Drawing Out Collaboration: How a U.S. East Utility Changed its Document Management SolutionPosted to Bentley Systems, Inc.
Digital collaboration for utilities requires a flexible solution that can address the unique challenges, ranging from basic automation of record retention records to complex concurrent engineering needs. ProjectWise meets these demands, regardless if your organization is a single office with internal users only or has multiple locations that require external user (vendors and subconsultants) participation.
This blog post is the first of three installments and focuses on the drawing collaboration needs for a U.S. East utility and how ProjectWise met their demands. Future posts will include a U.S. West and Canada South utility.
ProjectWise is a suite of project collaboration software designed for comprehensive worksharing that removes technology boundaries, ensuring that everyone has current project information in one platform. For utilities, this situation means shortened approval cycles and increased accountability that minimizes the risks associated with project delivery.
US East Utility
Our first example is a utility located in the eastern United States. This organization initially implemented ProjectWise for its power generation group as the replacement for their home-grown document management system. Over time, its internal solution became a challenge to maintain and ill-equipped to meet today’s societal needs for expanded system access and tighter security. With the successful migration and adoption of ProjectWise within the power generation group, the U.S. East utility’s nuclear division, which used the same home-grown system, decided to adopt ProjectWise as its document management solution approximately one year later.
In addition to replacing its internal system, other critical needs for power generation included the creation of a common environment for work in progress projects, an automated workflow to create and publish released PDF documents, mirroring the current plotting automation process. Complicating the implementation of ProjectWise was the requirement to reconfigure the numbering of MicroStation file names. Specifically, power generation replaced the traditional MicroStation DGN extension with a unique, three-digit extension that identified its internal discipline code. Further, power generation group wanted to retain the three-digit discipline code by embedding it elsewhere within the CAD file name. For this effort, Bentley created a custom migration feature to handle the file renaming, along with the unique process that the U.S. East utility’s system performed for reference file handling.
The ProjectWise migration project started with a discovery workshop. This is a critical component, especially with utilities; each can be unique, not just as an industry but from one utility to another. For large implementations, the workshops are conducted on site and allow Bentley to understand specific business requirements, setting the basis of the business requirement document that established the project execution baseline. For this implementation, Bentley installed the ProjectWise Design Integration CONNECT Edition, first to the approximate 100 power generation users and, later, to the approximate 50 nuclear users. After the implementation, Bentley work with the U.S. East utility to deliver custom ProjectWise user training, both at the U.S. East utility headquarters and each of its satellite and power plant offices.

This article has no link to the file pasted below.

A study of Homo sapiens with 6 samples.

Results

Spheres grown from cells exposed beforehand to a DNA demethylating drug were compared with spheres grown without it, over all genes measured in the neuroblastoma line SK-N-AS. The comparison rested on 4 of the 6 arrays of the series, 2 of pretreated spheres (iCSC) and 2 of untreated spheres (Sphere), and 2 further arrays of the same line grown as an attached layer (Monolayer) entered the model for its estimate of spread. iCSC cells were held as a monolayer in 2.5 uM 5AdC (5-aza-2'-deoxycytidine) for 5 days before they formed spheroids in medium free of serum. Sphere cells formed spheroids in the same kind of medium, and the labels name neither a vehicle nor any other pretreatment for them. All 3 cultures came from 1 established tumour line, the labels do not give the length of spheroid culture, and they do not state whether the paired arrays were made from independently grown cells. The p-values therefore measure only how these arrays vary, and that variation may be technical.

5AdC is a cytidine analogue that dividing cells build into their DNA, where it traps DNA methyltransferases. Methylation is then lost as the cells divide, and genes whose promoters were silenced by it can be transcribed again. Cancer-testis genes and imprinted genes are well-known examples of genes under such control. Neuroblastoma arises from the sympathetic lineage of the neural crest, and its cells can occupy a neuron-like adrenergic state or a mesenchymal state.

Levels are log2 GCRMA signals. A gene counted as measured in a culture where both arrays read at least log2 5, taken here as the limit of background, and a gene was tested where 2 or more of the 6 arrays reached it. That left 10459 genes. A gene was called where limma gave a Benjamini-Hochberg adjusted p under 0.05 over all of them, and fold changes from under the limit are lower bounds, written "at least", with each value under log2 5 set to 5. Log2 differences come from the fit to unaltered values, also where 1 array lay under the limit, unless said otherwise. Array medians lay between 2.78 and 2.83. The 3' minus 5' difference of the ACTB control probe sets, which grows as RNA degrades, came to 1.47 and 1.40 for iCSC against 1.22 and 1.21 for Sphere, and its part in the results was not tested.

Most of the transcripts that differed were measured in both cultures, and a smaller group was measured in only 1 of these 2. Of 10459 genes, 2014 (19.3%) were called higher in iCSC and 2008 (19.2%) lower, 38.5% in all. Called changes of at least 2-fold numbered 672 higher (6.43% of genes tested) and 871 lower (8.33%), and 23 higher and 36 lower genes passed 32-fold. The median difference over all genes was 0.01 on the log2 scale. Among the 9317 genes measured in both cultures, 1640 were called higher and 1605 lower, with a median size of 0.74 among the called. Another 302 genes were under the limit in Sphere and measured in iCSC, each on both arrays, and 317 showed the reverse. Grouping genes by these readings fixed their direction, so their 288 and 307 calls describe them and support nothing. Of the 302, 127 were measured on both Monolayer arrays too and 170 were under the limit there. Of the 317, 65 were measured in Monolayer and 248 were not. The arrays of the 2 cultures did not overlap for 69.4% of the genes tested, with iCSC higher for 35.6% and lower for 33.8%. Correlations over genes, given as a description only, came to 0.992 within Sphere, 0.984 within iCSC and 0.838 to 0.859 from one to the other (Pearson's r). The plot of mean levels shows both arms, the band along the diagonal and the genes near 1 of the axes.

With respect to the nuclear division, their requirements were different than the power generation division. Its challenge is working with a drawing process that includes hybrid drawings; a MicroStation master file (a .HYB extension, which the division maintained during migration into ProjectWise) with TIF raster reference attachments managed by Bentley’s Descartes. The drawing process for nuclear was simple because of the unique ability of ProjectWise Design Integration to automatically “check out” the raster reference attachment when a user checks out the master hybrid MicroStation drawing.
Additionally, the standard work process for the U.S. East utility is for users to have drawings checked out for great lengths of time—days, or even weeks—which is not uncommon in the utility space. Standard practice of a checked-out document from ProjectWise means the user “owns” it; they are the only individual that can edit that document. Edits are not available to other users until the document is checked in. Therefore, it is critical for the nuclear group to use a ProjectWise feature called “update server copy.” This option keeps the document checked out to the user but places an updated copy back to the ProjectWise server, meaning that it is available for view by other users or, if attached as a reference file to another master drawing, the drawing updates are now visible. Using the update server copy feature is available directly from MicroStation (or AutoCAD), so the user does not have to exit the file to perform this operation.
Regarding the plotting capability, the U.S. East utility’s (both the power generation and nuclear divisions) home-grown system included a process to identify (through an attribute) a “plot code,” which would automatically route a print to a specific printer. Additionally, another attribute setting identified any special printing requirements, such as plot size and color (or black and white). To accommodate this need, Bentley developed a custom feature that can read the plot code attribute, similarly to how its home-grown system performed.
In replacing the home-grown solution, this utility established a single source of truth with a connected data environment that allowed for them to keep up with trends while increasing the security of their data. In our next blog, learn what other unique challenges that ProjectWise can help solve.